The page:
12-year-old boy becomes family’s breadwinner as ailing mother stuck in hospital

Brian Kemboi (r) with his siblings. [Photo: Standard]

For a Grade Four pupil, he should have been in class since October 12 when schools partially reopened, but this is not the case for 12-year-old Brian Kemboi, a Grade Four pupil at Kapsowar Primary school.

The young Kemboi has shelved his ambition for education to become the sole breadwinner for his two other siblings – a six-year-old brother and four-year-old sister – and his ailing mother who is admitted at Kapsowar Mission Hospital.

On a typical day, Kemboi who lives in Kambi Swahili slums in Kapsowar rushes to the forest to fetch firewood and pieces of charcoal which he then sells to the public to earn some money to buy food.

In an interview with the Standard, he said that his mother Philarise Komen is ailing from a mild stroke and being the eldest, he has to take care of his siblings.

“We live from hand to mouth after my mother fell ill,” Kemboi narrated. “I get lucky if I fill a debe, which I hawk within homesteads and fetch up to Sh300 depending on the quality. At times, I fetch firewood and sell. This has kept us going.”

Days are not the same though, sometimes they beg for food from neighbours.

Kemboi’s mother has been in hospital for a while and her left leg is partially paralysed due to the mild stroke. She is also battling recurring abdominal pains and depression.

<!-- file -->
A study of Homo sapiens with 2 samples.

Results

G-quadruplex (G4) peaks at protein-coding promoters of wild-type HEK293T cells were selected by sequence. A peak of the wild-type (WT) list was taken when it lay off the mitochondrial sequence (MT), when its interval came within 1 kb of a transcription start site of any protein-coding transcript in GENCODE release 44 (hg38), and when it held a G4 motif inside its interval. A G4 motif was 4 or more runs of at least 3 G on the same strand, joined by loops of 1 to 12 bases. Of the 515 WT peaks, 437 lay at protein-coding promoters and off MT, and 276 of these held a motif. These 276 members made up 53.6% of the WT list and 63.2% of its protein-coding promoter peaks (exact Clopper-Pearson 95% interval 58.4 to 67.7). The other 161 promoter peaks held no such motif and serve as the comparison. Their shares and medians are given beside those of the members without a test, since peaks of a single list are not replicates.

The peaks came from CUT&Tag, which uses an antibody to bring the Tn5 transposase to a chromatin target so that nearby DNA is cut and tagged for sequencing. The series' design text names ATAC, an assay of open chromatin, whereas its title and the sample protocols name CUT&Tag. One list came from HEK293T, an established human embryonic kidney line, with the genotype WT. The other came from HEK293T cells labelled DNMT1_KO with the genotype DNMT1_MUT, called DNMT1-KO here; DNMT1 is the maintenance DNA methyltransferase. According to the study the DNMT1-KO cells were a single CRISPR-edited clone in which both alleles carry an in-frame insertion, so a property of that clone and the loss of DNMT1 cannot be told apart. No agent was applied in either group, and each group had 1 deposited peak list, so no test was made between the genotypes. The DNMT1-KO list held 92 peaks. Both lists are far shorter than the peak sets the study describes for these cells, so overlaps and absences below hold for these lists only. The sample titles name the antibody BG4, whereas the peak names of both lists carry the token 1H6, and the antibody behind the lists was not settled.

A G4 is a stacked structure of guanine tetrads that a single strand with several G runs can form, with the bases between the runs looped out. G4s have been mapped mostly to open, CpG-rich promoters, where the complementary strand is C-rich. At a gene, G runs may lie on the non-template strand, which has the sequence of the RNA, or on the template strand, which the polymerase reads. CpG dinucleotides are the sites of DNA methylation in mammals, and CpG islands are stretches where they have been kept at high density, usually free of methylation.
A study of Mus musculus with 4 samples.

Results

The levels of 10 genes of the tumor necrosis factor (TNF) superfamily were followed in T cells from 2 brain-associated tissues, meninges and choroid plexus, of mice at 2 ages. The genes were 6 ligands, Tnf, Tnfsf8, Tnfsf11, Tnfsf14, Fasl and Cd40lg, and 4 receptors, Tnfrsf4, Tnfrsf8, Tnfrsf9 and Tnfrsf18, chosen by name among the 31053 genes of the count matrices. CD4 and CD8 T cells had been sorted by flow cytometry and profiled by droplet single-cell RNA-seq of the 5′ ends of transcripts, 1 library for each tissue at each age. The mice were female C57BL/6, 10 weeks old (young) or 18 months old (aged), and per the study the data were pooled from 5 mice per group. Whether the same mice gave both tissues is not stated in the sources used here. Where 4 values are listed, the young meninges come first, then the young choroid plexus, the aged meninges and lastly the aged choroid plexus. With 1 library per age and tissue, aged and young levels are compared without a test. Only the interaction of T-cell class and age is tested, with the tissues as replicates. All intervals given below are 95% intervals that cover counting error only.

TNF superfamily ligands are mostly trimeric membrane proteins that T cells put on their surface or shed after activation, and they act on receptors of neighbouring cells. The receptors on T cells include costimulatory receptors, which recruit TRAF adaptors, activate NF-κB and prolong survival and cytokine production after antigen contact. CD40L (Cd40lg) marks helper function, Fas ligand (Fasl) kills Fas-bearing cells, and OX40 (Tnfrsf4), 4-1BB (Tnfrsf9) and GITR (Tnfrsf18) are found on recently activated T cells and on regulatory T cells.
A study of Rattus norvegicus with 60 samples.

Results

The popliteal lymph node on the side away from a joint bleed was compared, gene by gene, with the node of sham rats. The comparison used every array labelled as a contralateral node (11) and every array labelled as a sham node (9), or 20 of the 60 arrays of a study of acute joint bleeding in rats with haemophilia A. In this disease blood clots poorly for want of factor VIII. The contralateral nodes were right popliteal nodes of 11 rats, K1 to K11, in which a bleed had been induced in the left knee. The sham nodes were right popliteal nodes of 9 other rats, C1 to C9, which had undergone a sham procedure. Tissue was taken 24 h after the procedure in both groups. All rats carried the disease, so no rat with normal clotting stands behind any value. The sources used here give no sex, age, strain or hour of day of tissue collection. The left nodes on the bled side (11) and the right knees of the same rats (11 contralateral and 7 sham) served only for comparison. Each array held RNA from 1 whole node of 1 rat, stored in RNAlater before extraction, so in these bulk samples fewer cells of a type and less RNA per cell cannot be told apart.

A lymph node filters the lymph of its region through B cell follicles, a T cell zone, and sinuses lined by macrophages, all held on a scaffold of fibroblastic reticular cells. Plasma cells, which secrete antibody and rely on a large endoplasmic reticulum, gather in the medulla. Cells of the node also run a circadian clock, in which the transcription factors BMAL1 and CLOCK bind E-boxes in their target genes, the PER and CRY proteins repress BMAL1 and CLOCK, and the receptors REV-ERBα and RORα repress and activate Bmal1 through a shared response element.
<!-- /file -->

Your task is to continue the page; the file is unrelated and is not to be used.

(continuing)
When the Standard visited her at the Kapsowar Mission Hospital, Komen said all she has is her three children. Her husband died years ago as well as her parents who lived as squatters in Embobut Forest.

Philarise Komen, Brian Kemboi’s mother. [Photo: Standard]

She said that the suffering of her children has pushed her into depression.

“I am appealing for help because the hospital has been kind to me and has been waiving all my medical bills, but now I require a CT scan and Kapsowar Hospital does not have the facility,” she appealed.

Stanley Mutwol who is the Kapsowar Mission Hospital director said that Komen had been living in a “polythene house” together with her three children.

The hospital’s missionaries rented her a house and took the children to school but when they left the country, everything went south again.

The hospital has waived Ksh140,000 medical bill that she has incurred but she needs specialized treatment which the hospital is not in a position to offer at the moment.

“At the moment, she requires abdominopelvic scan but we do not have the equipment,” Mutwol said.